The Vice Presidents That History Forgot

The U.S. vice presidency has been filled by a rogues gallery of mediocrities, criminals and even corpses


Veeps have also struggled to shed their image as lightweights, bench warmers and easy targets of derision. Dan Quayle’s frequent gaffes gave endless fodder to late-night TV hosts, and one of his malapropisms entered Bartlett’s Familiar Quotations: “What a waste it is to lose one’s mind. Or not to have a mind is being very wasteful.” Quayle’s troubles even feature at the learning center named for him in Indiana. The director, Johns, says the museum began as a small “hometown rah-rah exhibit” at a local library. But with Quayle’s encouragement, it grew into a two-story collection focused on the office rather than Huntington’s favorite son. Though Quayle occupies more space than any other VP, the exhibits on him refer to the “potatoe” incident and include a political cartoon of a reporter with a bat, enjoying “Quayle season.”

Johns takes the long view of Quayle’s drubbing by the press, and believes it’s instructive for students who visit his museum. “Quayle took a lot of flak, and that’s pretty much the history of the vice presidency, going back two centuries,” he says. Johns also suggests, half-seriously, that potential VPs be vetted for qualities other than their experience and integrity. Humility and a sense of humor may be equally important prerequisites for the job.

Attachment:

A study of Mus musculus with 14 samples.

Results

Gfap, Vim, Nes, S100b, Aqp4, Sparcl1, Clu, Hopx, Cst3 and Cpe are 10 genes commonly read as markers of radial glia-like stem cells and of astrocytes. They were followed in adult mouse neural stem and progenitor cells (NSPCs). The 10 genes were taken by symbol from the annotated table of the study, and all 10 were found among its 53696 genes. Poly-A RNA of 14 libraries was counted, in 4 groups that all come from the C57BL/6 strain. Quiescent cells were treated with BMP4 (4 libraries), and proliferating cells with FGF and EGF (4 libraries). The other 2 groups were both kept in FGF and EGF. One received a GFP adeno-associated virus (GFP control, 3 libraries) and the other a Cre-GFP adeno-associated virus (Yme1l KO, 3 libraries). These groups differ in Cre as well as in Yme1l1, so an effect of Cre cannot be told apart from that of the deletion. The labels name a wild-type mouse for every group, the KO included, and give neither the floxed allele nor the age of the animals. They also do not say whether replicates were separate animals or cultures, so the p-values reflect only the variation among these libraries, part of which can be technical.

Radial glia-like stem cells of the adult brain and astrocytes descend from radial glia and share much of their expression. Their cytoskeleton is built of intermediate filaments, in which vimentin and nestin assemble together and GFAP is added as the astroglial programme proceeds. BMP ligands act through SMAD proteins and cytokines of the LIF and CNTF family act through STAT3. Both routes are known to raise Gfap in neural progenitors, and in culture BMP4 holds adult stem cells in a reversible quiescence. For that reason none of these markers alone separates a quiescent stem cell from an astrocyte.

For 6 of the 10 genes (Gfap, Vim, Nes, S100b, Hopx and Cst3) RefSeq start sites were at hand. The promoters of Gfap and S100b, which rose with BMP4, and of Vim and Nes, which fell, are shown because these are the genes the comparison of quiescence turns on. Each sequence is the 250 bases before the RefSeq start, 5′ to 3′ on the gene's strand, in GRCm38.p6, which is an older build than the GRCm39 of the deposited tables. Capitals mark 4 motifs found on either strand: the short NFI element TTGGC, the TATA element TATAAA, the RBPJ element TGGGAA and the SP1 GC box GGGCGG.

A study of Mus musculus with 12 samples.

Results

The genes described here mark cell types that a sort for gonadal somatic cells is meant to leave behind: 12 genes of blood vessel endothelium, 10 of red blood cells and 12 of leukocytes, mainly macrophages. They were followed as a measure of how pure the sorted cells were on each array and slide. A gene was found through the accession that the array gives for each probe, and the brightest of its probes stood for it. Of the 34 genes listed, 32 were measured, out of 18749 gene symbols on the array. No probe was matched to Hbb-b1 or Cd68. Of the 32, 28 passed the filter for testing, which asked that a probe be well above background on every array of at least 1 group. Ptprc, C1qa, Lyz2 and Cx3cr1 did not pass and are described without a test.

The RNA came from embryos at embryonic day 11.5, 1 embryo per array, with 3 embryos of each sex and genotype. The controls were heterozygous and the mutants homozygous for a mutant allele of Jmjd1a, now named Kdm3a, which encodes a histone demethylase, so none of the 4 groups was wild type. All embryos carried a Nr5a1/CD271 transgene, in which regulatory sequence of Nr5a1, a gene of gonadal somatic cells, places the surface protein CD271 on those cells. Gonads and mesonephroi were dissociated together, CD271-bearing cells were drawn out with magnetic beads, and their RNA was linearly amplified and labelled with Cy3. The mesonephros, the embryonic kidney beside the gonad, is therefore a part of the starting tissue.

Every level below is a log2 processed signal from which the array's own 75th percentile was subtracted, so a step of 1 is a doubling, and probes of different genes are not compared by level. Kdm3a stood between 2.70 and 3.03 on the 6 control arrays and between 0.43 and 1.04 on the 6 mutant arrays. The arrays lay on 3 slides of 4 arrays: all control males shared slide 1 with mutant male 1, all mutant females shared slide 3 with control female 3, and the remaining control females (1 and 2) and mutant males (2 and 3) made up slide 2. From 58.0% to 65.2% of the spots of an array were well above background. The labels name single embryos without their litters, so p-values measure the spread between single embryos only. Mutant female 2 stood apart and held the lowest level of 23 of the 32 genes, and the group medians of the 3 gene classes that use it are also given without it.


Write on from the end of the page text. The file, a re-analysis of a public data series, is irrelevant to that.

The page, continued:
No one grasped this better than Quayle’s fellow Hoosier, Thomas Marshall, whose home lies 20 miles north of Huntington on the “Highway of Vice Presidents,” so-called because three of Indiana’s lived along it. Marshall was a small-town lawyer for most of his career, and his modest clapboard home now houses a museum of county history, with a brick outhouse in the yard. Inside, the exhibits include Marshall’s shaving cup, a “pig stein” given to him by a German diplomat and pictures of him feeding a squirrel at the Capitol. Only one or two people visit each week to see the Marshall items.

“The epitome of the vice president as nonentity,” reads Marshall’s entry in an authoritative Senate history of the office. President Woodrow Wilson was a haughty Princetonian who considered Marshall a “small-caliber man.” Wilson also wrote that a VP’s only significance “consists in the fact that he may cease to be Vice President.”

In Marshall’s case this almost happened, when Wilson suffered a paralytic stroke. But the VP was so out of the loop that he didn’t know the severity of Wilson’s condition until told by a reporter that the president might die. “I never have wanted his shoes,” wrote Marshall, who continued to do little more than entertain foreign dignitaries and throw out the first pitch on opening day.

He did, however, gain a reputation for wit. While listening to a long Senate speech about the nation’s needs, Marshall quipped: “What this country needs is a good five-cent cigar.” He also told a joke about two brothers. “One ran away to sea, the other was elected vice president, and nothing was ever heard of either of them again.”

This proved true of Marshall, who quietly returned to Indiana and wrote a self-deprecating memoir. He didn’t want to work anymore, he said, wryly adding: “I wouldn’t mind being Vice President again.”